Cannot we create from a beautiful, natural landscape an environment inhabited by man in which natural beauty is retained?
- Plan for the Valleys of Baltimore County, 1962
THAT pretty much sums up what we should be about here on this earth - peaceful co-existence between us and the plants and the animals, making room for people without trashing what attracted them.
Sounds like a job for the Sierra Club. But it was a bunch of Baltimore businessmen, golfers and gentleman farmers who foresaw the coming sprawl. They raised an outrageous sum for the time - $300,000 - for a plan to retain the rural character of tens of thousands of acres in the Greenspring, Worthington and Caves valleys.
They hired Ian McHarg, who was just writing his Design With Nature, which would become a classic of landscape design worldwide.
McHarg let the Baltimore County landscape shape the plan. The "genius" of the place, he felt, lay in the rural-agricultural valley floors and the forested slopes. They must be protected, even as development was steered to densely clustered villages along the plateaus.
This was Smart Growth decades before the concept became a nationwide approach to development. And more than 40 years later, though tattered in places, the genius of the valleys persists.
Ironically, the part that had the least success, and which is also proving the hardest for modern Smart Growth, was creating high-density development.
The old Green Spring Valley Association, formed in 1962 to plan the valleys' future, became in 1968 the Valleys Planning Council, a private advocate for the rural landscape that remains a vital force in county land use.
Building on the precedent set by the Valleys' plan, Baltimore County enacted an Urban-Rural Demarcation Line in 1967. Unique in Maryland, and rare anywhere, the URDL declared in concept that the half of the county north of the Beltway should remain essentially rural.
Since then, there has been many a battle over making the vision a reality - and plenty of losses with the victories - but by and large, the war's still being won (and still being fought).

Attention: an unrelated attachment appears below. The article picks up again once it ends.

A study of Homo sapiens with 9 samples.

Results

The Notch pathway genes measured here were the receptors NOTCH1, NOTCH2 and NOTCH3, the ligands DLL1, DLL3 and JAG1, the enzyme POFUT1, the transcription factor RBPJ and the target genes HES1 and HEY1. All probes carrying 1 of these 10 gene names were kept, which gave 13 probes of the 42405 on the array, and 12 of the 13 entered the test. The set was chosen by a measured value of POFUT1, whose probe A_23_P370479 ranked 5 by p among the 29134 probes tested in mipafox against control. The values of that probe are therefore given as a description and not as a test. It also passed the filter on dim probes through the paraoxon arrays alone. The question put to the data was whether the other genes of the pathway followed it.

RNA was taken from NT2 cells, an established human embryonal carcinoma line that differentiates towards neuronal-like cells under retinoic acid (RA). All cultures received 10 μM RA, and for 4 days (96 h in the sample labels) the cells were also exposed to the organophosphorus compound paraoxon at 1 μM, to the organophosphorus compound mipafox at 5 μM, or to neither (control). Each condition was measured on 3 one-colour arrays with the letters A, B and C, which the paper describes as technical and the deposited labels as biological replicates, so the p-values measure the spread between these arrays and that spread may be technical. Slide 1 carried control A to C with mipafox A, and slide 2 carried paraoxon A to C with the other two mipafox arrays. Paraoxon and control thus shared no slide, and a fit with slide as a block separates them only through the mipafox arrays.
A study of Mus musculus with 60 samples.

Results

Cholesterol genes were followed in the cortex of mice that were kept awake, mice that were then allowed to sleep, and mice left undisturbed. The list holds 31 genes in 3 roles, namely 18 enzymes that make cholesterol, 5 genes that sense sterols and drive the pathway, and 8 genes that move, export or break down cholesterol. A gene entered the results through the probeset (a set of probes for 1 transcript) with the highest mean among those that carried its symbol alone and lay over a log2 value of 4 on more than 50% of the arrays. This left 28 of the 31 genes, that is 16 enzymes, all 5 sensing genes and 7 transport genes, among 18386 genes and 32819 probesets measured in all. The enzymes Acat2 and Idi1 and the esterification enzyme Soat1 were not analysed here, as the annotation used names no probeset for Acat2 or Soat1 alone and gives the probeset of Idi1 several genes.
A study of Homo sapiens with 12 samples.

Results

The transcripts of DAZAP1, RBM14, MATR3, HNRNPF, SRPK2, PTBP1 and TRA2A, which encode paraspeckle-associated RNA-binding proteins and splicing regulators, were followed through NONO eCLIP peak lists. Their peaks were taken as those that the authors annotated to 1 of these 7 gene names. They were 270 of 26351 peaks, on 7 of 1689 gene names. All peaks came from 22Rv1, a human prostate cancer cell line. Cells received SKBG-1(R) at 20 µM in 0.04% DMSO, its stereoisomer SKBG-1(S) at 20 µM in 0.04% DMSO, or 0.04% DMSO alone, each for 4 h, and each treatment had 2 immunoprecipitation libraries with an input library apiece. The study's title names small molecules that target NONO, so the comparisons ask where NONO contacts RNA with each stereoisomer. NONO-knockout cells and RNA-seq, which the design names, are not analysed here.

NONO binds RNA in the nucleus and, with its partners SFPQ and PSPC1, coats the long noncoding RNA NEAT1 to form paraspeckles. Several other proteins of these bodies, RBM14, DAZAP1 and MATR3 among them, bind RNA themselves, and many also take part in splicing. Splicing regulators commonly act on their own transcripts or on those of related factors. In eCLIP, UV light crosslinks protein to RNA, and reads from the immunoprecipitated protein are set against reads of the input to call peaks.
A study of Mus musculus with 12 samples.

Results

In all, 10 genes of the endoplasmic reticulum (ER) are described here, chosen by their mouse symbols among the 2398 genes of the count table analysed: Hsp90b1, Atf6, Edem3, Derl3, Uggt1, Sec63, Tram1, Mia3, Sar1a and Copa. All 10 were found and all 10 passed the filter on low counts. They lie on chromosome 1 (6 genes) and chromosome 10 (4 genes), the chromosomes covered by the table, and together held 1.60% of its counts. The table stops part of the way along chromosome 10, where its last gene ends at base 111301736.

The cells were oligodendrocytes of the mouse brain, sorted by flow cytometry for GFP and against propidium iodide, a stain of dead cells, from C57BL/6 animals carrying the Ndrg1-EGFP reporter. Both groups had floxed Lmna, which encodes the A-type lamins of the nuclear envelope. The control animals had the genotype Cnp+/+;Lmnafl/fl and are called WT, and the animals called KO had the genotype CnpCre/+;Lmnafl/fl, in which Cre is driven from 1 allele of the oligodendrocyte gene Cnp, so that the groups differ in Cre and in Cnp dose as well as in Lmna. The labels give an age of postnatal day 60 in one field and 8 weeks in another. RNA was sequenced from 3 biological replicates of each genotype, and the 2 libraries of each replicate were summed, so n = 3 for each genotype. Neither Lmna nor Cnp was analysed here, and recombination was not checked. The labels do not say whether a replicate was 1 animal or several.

I've been living part-time in the north county for a couple years, but its ambience helped Baltimore keep an Eastern Shore boy who enrolled at the Johns Hopkins University many decades ago.
I was overwhelmed by the city and shocked by its rowhouses. "How do they tell which is theirs when they come home?" I asked my mom on delivery to college.
I came to live in, and love, rowhouses. But that was later. In college, I learned a great secret of Baltimore: You could get out of it quickly, into some of the finest countryside the Mid-Atlantic region has to offer.
This week, reminded that he will soon retire, I reminisced with Jack Dillon, head of the Valleys Planning Council since 1996 and a Baltimore County planner since the 1960s. He had a front-row seat for the events shaping the north county.
Grand vision might have begun it all, but these days Jack's thinking potholes - as in not repairing them.
"Seriously, the pressure is so great now to widen and straighten and resurface all our country roads, we need to do everything we can to reduce the use of them," he said.
So it is that the Valleys Planning Council is advocating for retaining bridges too narrow to pass on, roads that wind and dip and slow your trip - just part of a suite of rural design standards it would like the county to adopt.
Loss of forest is another problem. "The trees are just being nibbled away, and few people recognize how bad the problem is," Dillon said.
For every other natural system that helps filter and cleanse Chesapeake Bay - wetlands, oyster reefs, submerged grasses - we have goals to increase them. But not for forests.
Dillon asked whether I had noticed the new cell phone towers around Butler and at Falls Road and Tufton Avenue. I said I was surprised that I'd missed such monstrosities in those lovely settings.
That's the point, he said. They are small "stealth" towers, disguised as flag poles, negotiated by Valleys Planning. Dillon got the idea from Albemarle County, Va., which has told phone companies, "Build as many towers as you want; just make sure we don't notice them."
By contrast, Maryland has gone for huge towers, shared by multiple phone companies - fewer in number but ruinous of the landscape's character for miles around.
The war for the soul of the north county continues, always will. What we do with the bridges and roads - bigger, faster, straighter or narrow, bumpy, windy - will indicate whether the remarkable vision is still holding.